Art club voices frustration at University funding
December 10, 2019
When Chantal Vaca found out RSO funding was included in student fees, she was intrigued, especially because she’s a co-founder of The Collective, an arts magazine and RSO.
“I had no idea that each student paid a set amount on their fees to the University. It’s not something that has been advertised or something that most students know about, and (it’s) even more weird because I run an RSO on campus,” Vaca said.
The Collective was founded in 2017 by cousins Chantal and Adriana Vaca and their friend, Emma Sielaff, to showcase students’ art and writing. Vaca, senior in Media and Illini Media employee, knew it was essential to become an RSO to reach the greater student body through recruitment events and also to reserve campus spaces for meetings.
“We knew that we needed it to be an RSO if we were going to be working with University students, so there was a part of that, like wanting to be able to participate in things like Quad Day, where we can promote our club and have people join,” Vaca said.
However, applying for University funding from the Student Organization Resource Fee (SORF) office has proven to be difficult and time-consuming.
“As a club, we have tried and talked about contacting SORF and getting reimbursed through the University, as does any RSO, if they want to,” Vaca said. The process was not what she expected.
SORF’s guidelines for reimbursements change annually, but the basics are the same — RSOs apply if they are “looking for extra funds to support their organization.”
“We haven’t done anything for grants, but the only way we have tried to get money is for reimbursements for things we buy for either parties or art shows or things like that,” she said. “They would give you 40% of the cost — like for us, they would pitch in 40% of the money that was needed to pay a performer or an artist.”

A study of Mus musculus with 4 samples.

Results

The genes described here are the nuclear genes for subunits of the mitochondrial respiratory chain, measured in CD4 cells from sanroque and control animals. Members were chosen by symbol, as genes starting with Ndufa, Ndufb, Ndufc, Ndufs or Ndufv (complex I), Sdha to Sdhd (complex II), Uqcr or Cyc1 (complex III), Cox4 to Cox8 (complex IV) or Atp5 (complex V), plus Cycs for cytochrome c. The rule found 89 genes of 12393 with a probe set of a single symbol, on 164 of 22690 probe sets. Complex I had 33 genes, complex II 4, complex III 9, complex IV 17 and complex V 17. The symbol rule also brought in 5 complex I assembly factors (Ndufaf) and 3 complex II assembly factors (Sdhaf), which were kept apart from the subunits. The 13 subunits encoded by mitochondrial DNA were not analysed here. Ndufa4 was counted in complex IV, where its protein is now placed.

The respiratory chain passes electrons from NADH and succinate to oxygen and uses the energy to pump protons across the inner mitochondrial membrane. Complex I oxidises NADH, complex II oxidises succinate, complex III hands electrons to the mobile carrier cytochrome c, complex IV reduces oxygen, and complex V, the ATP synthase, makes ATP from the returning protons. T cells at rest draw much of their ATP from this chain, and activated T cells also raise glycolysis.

In 2019, both Vaca and Sielaff compiled the proper documents for SORF.
“You would have to come together with all these documents and receipts and then fill out the information for who was going to be reimbursed for all of it,” she said. “We did that once, just Emma and I, and they denied our first request, and this was the first launch of the magazine. Printing costs can be a lot, and we thought they could help out.”
Not hearing any word as to why the request was denied, Vaca met with a SORF representative, who helped her organize her files and to meet the requirements. When she submitted it again, she never heard back.
Frustrated with the slow bureaucratic process, Vaca says she didn’t think all the trouble was “worth it.”
“It makes it difficult for us to want to fundraise through the school, and that sucks because different fundraising things, like thrifts on the Quad or at Quad Day, have been a large part of how we make money and can do the things we do,” Vaca said.
SORF’s steps on their website seem easy enough to follow. They list four steps on the main page of their website — “Apply, Review, Approval and Reimbursement.” According to the site, SORF “may make adjustments to funding accordingly. Funding is always subject to the availability of funds, which is assessed on a semester basis.”
But just why things get rejected or why students, if they do receive funding, receive it so late, has been a topic of conversation among different student RSOs, like the Collective.
Different groups on campus are just as popular and require just as much funding, but like The Collective, they cannot get through SORF’s process. This is frustrating for the executive board to navigate but also for the general members of the club.
Bella Scott, sophomore in FAA, has been a part of The Collective for more than a year. Scott acknowledges it is not a large RSO with around 30 members, but it has an active group of members. People join the club or know people in the club, and that attracts a lot of attention, and more people coming to house shows or parties.
But the University hasn’t made it easy.
“Because we aren’t a large RSO, it can be hard to fundraise. We do have to watch our budgets because of the lack of funding from the school, but we balance that with fundraising with thrifting or charging cover at house shows and galleries,” Scott said.
Jenny Smith, junior in ACES, loves going to The Collective events on campus and knows any money she does donate or pay for cover will go back into the magazine.
“I feel good about having to pay the $5 cover because I know it goes into like decorations or, like, renting something out, paying the artists and bands, stuff like that,” Smith said. “It’s worth it.”
She’s drawn to the events because of the art people she gets to be around, the art she gets to see and the experience she has.
“The vibe is always good, and it’s just everyone in a room appreciating the artists and the art,” Smith said. “There, for the parties, is usually a theme, and they do a really good job putting things together. It’s a good place for people to express themselves.”